Last week I took a pre end of month look at the withholding taxes for November because of the earlier than usual release of the jobs report. We saw a weakening trend, along with an indication that the BLS jobs data impressionist art might beat expectations.


11/29/22 The annual growth rate is trending down, indicating falling revenues. Whether that’s due to falling employee earnings inflation or a slowing economy, or combination of the two doesn’t matter. Only the fact that revenues are declining matters. That implies more supply ahead. Non-subscribers, click here for access.

Another item of note is that the usual 3 month respiration cycle exhalation phase in the US economy expired early. The last two cycles have been sucking in for far longer than they’ve been blowing out. This is another sign of weakening. Non-subscribers, click here for access.

As for the implications for the current jobs report, you never know because the BLS methodology in s so speculative, being based on unsupportable assumptions about seasonal adjustment and the birth and death of businesses. They then fit their previous monthly numbers to actual data for months and years after the fact. Non-subscribers, click here for access.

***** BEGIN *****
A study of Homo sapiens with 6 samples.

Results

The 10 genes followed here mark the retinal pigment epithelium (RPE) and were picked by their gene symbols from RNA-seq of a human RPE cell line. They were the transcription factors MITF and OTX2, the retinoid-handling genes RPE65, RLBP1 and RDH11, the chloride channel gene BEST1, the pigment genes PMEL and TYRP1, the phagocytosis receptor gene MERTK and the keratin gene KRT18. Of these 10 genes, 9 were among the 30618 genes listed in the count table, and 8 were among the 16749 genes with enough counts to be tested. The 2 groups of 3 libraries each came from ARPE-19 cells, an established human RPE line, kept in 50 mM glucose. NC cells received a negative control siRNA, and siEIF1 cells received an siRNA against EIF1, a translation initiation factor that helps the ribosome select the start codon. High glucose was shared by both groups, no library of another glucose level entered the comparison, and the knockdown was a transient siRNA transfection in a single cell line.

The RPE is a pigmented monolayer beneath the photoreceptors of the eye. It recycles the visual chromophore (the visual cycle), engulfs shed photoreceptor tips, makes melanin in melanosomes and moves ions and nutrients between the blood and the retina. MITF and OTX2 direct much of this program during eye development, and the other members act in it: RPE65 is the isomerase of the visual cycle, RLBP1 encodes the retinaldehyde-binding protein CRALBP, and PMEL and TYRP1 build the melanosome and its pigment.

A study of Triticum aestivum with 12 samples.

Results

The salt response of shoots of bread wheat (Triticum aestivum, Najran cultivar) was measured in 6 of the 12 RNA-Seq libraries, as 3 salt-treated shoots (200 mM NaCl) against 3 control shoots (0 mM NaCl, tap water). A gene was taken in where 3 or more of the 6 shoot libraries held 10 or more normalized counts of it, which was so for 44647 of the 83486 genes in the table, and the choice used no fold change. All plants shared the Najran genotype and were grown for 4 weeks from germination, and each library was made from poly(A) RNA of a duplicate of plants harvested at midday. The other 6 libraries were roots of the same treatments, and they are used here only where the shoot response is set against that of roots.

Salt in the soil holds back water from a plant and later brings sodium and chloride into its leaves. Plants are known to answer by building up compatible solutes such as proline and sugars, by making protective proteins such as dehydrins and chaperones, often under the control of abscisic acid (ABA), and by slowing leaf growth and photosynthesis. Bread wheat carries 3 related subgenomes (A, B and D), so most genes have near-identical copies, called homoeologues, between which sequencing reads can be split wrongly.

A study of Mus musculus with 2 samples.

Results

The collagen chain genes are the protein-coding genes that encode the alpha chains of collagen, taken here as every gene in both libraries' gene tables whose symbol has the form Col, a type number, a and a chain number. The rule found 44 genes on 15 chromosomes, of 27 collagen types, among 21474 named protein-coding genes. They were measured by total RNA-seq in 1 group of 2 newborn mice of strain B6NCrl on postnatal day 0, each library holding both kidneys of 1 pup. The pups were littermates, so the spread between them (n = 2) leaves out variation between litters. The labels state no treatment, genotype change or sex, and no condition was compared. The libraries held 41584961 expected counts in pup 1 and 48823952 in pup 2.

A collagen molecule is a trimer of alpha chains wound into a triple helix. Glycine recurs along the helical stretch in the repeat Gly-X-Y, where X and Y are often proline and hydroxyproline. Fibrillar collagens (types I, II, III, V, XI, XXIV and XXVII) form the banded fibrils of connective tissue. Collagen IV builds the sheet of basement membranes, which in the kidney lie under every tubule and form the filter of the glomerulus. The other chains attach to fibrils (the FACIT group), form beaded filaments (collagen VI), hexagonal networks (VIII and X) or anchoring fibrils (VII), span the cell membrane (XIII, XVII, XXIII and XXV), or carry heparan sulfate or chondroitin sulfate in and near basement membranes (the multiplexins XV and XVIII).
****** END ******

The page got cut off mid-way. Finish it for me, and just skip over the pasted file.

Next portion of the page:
The first release is impressionistic art. Bad, impressionistic art. It only becomes more realistic after they refit their numbers to real numbers derived from unemployment compensation and tax data.  Tax data that we have in real time. Non-subscribers, click here for access.

That said, the withholding tax collections for November are about where they were in October. That implies that there was no change in the level of jobs, or maybe some decline, given that there is some wage inflation. That’s the reality. The nonfarm payrolls number is something else. Non-subscribers, click here for access.

Dow Jones Marketwatch economists’ survey consensus is for a gain of 200,000 jobs vs. 261,000 reported in October. Based on October withholding, the October number was understated. The BLS often makes up for that in the next month’s number. Bottom line is that the BLS number should meet or beat expectations based on their October number being too low, and the November tax collection level being about the same as at this point in October. Non-subscribers, click here for access.

But I reiterate that this is a sideshow. Whatever the BLS reports, and whatever the initial market reaction, the fact is that the market will go on about following the trend that it has already established. Where we need to be focused, is on the fact that the market will continue to get pounded by new supply. That will limit the size and duration of the current rally phases in stocks and bonds. Non-subscribers, click here for access.

Our review of the month end data from the US Treasury confirms that revenue growth continues to slow. Here’s what that means for investors. GTFO. Non-subscribers, click here for access.